Before I got sober, my life was utterly consumed by alcohol. And when I first got sober, it was utterly consumed by avoiding alcohol. My days were all the same: wake up, try not to drink, go to a meeting, try not to drink, call my sponsor, try not to drink, think about drinking but decide not to drink, go to sleep. Rinse and repeat.
But after enrolling in drug rehab, working the steps with my sponsor, attending meetings and getting some time under my belt, the obsession to drink that I thought would be an omnipresent devil on my shoulder gradually faded more and more into the distance.
When you drink the way that I drank, drinking isn’t something that you do – it’s something that you are. And now that I was no longer drinking,/obsessing about drinking/obsessing about NOT drinking, I came to the sad realization that that was ALL I was. Aside from my alcoholism, I had absolutely no sense of identity. When I looked in the mirror, I saw a stranger. I couldn’t tell you anything about me, from the small things (like what hobbies I enjoyed) to the big things (like what I wanted to do with my life).
As active addicts and alcoholics, our sense of self is often tied to our drug and alcohol abuse. We are defined by our addictions and everything that goes along with them: the people, places and things we surround ourselves with as a result of them and the things that we must do to feed them. And in our very early sobriety, we are often defined by our efforts to heal from those addictions. But what comes after that?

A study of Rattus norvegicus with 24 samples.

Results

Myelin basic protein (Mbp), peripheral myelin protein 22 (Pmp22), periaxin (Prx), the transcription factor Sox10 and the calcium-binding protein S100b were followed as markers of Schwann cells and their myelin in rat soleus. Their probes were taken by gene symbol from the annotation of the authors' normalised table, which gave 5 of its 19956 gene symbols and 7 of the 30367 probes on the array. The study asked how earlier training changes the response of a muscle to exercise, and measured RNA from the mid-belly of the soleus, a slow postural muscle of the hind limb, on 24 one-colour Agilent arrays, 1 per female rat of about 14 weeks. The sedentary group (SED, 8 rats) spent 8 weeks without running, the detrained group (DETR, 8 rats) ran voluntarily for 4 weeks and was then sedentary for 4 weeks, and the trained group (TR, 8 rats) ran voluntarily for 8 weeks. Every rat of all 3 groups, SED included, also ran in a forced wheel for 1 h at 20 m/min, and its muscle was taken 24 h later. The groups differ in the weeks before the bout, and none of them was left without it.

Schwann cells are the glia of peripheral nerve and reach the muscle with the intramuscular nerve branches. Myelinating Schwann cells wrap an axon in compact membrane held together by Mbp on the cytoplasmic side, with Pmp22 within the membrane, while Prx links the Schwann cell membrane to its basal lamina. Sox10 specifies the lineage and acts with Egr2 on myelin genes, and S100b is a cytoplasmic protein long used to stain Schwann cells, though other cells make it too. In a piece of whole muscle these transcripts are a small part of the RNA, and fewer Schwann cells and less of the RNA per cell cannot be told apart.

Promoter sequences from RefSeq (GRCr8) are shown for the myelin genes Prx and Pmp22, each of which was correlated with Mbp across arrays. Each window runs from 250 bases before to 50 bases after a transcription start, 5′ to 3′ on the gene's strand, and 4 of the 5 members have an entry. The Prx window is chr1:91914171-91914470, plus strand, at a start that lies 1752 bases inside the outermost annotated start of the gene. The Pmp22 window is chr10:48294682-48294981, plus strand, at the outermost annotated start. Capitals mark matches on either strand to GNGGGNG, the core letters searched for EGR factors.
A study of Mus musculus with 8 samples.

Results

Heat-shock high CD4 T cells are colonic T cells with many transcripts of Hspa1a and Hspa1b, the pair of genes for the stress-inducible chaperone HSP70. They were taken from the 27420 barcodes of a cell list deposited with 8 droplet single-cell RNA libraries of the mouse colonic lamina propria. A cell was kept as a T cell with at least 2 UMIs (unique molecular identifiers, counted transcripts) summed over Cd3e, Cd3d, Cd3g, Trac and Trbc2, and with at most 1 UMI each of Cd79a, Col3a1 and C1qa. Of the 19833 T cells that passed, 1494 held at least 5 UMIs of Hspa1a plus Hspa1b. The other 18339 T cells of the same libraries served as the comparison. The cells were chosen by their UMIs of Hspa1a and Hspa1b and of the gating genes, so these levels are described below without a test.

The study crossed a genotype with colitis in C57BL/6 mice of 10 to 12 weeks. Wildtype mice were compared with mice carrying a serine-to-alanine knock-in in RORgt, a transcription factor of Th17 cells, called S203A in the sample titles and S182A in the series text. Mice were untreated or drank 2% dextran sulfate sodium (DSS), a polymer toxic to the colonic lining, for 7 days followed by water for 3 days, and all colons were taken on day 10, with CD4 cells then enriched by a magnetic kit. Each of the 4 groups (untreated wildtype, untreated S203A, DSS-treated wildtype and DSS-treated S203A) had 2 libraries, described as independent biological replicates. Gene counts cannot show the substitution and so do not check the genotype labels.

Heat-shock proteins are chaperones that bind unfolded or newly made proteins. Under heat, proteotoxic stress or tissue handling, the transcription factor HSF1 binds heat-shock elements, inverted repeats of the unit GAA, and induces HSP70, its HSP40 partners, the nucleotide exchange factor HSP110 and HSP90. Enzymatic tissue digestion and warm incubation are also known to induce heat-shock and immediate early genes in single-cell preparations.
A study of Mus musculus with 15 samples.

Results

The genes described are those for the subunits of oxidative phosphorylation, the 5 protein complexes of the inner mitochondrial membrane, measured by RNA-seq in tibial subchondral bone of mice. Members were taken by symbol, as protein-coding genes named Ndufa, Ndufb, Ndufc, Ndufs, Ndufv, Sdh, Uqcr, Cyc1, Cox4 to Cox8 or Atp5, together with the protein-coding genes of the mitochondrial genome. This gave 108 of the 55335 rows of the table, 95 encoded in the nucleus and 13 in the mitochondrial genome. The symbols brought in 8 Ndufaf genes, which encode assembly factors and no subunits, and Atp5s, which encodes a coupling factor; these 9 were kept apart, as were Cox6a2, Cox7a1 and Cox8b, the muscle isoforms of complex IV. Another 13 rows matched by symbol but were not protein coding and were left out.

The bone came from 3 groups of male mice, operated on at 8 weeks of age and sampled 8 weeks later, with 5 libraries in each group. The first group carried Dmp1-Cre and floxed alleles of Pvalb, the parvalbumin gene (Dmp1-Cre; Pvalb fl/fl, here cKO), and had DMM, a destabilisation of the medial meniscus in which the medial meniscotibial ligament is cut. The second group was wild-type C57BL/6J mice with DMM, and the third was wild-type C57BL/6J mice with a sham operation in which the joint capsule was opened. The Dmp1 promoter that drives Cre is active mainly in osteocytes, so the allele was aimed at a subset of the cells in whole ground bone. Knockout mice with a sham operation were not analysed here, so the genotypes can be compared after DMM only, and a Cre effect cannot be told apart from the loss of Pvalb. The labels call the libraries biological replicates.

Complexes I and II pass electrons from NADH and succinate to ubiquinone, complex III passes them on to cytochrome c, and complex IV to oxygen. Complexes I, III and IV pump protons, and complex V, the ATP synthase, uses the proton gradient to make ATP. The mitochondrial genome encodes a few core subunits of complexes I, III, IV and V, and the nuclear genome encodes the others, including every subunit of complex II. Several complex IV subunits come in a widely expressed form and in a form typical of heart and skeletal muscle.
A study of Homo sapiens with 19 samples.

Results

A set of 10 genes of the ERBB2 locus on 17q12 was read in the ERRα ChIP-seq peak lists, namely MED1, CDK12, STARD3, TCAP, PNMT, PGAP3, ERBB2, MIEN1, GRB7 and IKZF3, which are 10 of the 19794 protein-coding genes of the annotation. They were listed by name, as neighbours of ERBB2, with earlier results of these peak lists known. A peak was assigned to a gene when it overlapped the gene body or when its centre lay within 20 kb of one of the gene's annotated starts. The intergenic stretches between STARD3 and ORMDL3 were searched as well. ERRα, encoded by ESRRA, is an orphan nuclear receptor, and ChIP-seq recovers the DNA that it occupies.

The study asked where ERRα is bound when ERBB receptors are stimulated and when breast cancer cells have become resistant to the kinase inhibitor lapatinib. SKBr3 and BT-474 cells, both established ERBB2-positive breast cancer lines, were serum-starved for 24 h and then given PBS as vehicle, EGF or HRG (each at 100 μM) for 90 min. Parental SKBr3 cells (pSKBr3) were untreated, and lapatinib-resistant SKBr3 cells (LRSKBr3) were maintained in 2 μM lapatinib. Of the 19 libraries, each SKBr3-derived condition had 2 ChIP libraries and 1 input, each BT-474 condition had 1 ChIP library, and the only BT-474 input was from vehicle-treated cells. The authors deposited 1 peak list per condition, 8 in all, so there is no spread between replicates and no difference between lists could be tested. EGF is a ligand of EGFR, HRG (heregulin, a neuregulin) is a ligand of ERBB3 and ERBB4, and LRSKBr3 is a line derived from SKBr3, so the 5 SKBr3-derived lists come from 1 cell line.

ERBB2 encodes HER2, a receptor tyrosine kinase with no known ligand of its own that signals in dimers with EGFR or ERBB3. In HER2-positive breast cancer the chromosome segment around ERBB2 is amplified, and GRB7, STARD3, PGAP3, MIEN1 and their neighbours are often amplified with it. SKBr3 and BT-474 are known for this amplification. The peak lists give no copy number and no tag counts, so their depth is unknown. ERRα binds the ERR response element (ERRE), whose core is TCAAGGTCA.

In sobriety, we get the chance to develop a true sense of self, often for the first time. Without the obsession of drinking or using, we get to come to know and define ourselves in a completely new way. What do we like? Who do we want to surround ourselves with? What direction do we want to steer our lives?
At 25, I felt like I was starting from scratch. I had to completely redefine and rediscover everything from the ground up. At first I had to take baby steps: do I like to watch horror movies or comedies? Do I like to work out in a gym or outside? Do I like being around big groups of people or spending time with friends one on one? It sounds silly, but I really didn’t know these things about myself – up until that point, my singular focus had been on my alcoholism. None of these questions had mattered.
It was a slow, exciting and sometimes painful journey, but 4 ½ years later, I am happy to say that I have come to know myself in sobriety in a way that I didn’t think was possible. I am confident in my hobbies, choices, preferences, goals and abilities. I know that I like to wake up early on the weekends so I can run on the beach before it gets too crowded. I know that I prefer spending time with friends hiking than going out dancing. I know that I have trouble expressing negative feelings. I know that I am a hopeless romantic and believe in the power of love. I know that I can run a marathon and make an excellent zucchini pasta.
Every day that I stay sober, I discover something new about who I am and what I want out of life, and I continue to grow and change. Now, when I look in the mirror, I no longer see a stranger. I see me.